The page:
BLM Protest in Manheim

Black Lives Matter protester Taylor Enterline, of Manheim, lays on her stomach for nine minutes in front of the Manheim Borough Police station Wednesday July 8, 2020.

While she was a student at Manheim Central School District, Taylor Enterline was called racial slurs, teased about her hair, told to sit at the back of the bus and to pick cotton.

It wasn’t until years later that Enterline, now a 20-year-old rising junior at West Chester University, fully understood how her experience with racism affected her.

“I’ve been experiencing racism my whole life, and I was told, ‘Oh, it’s just a joke,’ ” said Enterline, who graduated in 2018.

In Manheim, people let racism slide, Enterline said, but it’s time for that to end. And that starts with the people in charge. 

Enterline was among nearly a dozen Manheim Central graduates, students and parents who met with district Superintendent Peter J. Aiken, school resource officer Adam Webb and borough Mayor Scot Funk this week to discuss ways to eliminate racism at the district, which is 84% white.

“We really need to address this and make (Manheim) a place where (racism) is not OK,” Enterline said.

The group, which met in-person at the school district offices, touched on topics like diversity training, Black literature, white fragility and bullying during the two-and-a-half-hour meeting.

A ‘rich discussion’

Aiken called it a “rich discussion” that he hopes can continue.

“I was not aware of these experiences, and that’s why it was good for me to sit down and talk with them,” Aiken said.

First steps, he said, may include employee training that goes beyond “professional development for an hour and there’s no lasting change,” guest speakers, a diversified offering of class literature and a general commitment to seek understanding within the community.

“We constantly preach a growth mindset here at Manheim Central, and this is an opportunity to grow,” Aiken said.

‘Not born racist’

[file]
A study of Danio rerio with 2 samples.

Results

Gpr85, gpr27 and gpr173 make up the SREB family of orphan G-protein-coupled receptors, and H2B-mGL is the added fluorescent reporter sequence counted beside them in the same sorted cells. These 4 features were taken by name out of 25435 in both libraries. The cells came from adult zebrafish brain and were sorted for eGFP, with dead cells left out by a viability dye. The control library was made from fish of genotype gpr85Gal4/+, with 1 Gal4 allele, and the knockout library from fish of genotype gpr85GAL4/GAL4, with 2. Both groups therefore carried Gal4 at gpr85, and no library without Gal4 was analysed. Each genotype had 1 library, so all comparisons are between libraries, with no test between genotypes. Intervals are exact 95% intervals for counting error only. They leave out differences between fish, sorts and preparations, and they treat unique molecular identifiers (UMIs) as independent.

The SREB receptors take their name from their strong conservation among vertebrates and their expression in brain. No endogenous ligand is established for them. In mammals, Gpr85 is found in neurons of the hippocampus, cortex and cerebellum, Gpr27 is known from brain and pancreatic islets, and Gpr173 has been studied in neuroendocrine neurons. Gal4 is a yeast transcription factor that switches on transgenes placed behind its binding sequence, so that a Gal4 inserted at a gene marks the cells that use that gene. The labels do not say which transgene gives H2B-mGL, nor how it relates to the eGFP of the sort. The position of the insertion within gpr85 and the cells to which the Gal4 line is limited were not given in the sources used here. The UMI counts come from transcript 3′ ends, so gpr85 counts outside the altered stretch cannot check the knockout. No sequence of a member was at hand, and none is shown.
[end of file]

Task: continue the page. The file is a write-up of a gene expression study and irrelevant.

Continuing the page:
Funk, Manheim’s mayor, organized the meeting. Funk said he appreciated students and parents speaking out about what they’ve experienced, which he called “brave and courageous.”

“I think there is racism, and I think a lot of people don’t realize,” he said, adding that many white people don’t understand the statements or actions they make are offensive.

Adults are often stuck in their ways, Funk said, so the work must start early.

“You’re not born racist. You’re taught that,” he said. “I feel that we really need to get to the young age, elementary school, middle school.”

Optimistic for change

The meeting happened Tuesday. The next day, dozens of Black Lives Matter advocates, including Enterline, marched peacefully through Manheim while a handful of counterprotesters, at least one openly carrying a weapon, looked on.

Jacian Pabón, who graduated from La Academia Partnership Charter School this year but attended Manheim Central through 10th grade, was another Black Lives Matter protester. He answered questions via text Thursday, because he lost his voice from chanting the day before.

“My experience at manheim was anxiety ridden, mentally and physically painful, and emotionally draining,” Pabón, 17, said in a text.

Pabón said he was called racial slurs and stereotyped, harassed because of his hair and called “every other Hispanic name in the book, Julio, or Juan, or Jorge, or Carlos, or Miguel,” because some teachers wouldn’t memorize his name.

In 2018, LNP | LancasterOnline reported 100% of Manheim Central teachers were white in the 2016-17 school year, according to Pennsylvania Department of Education data.

One way the school district could improve race relations is by conducting diversity training, he said.

In the end, Pabón said he was grateful for the meeting and optimistic about the future.

“They are listening and intend to continue this process of growth and awareness with the community of manheim,” he said.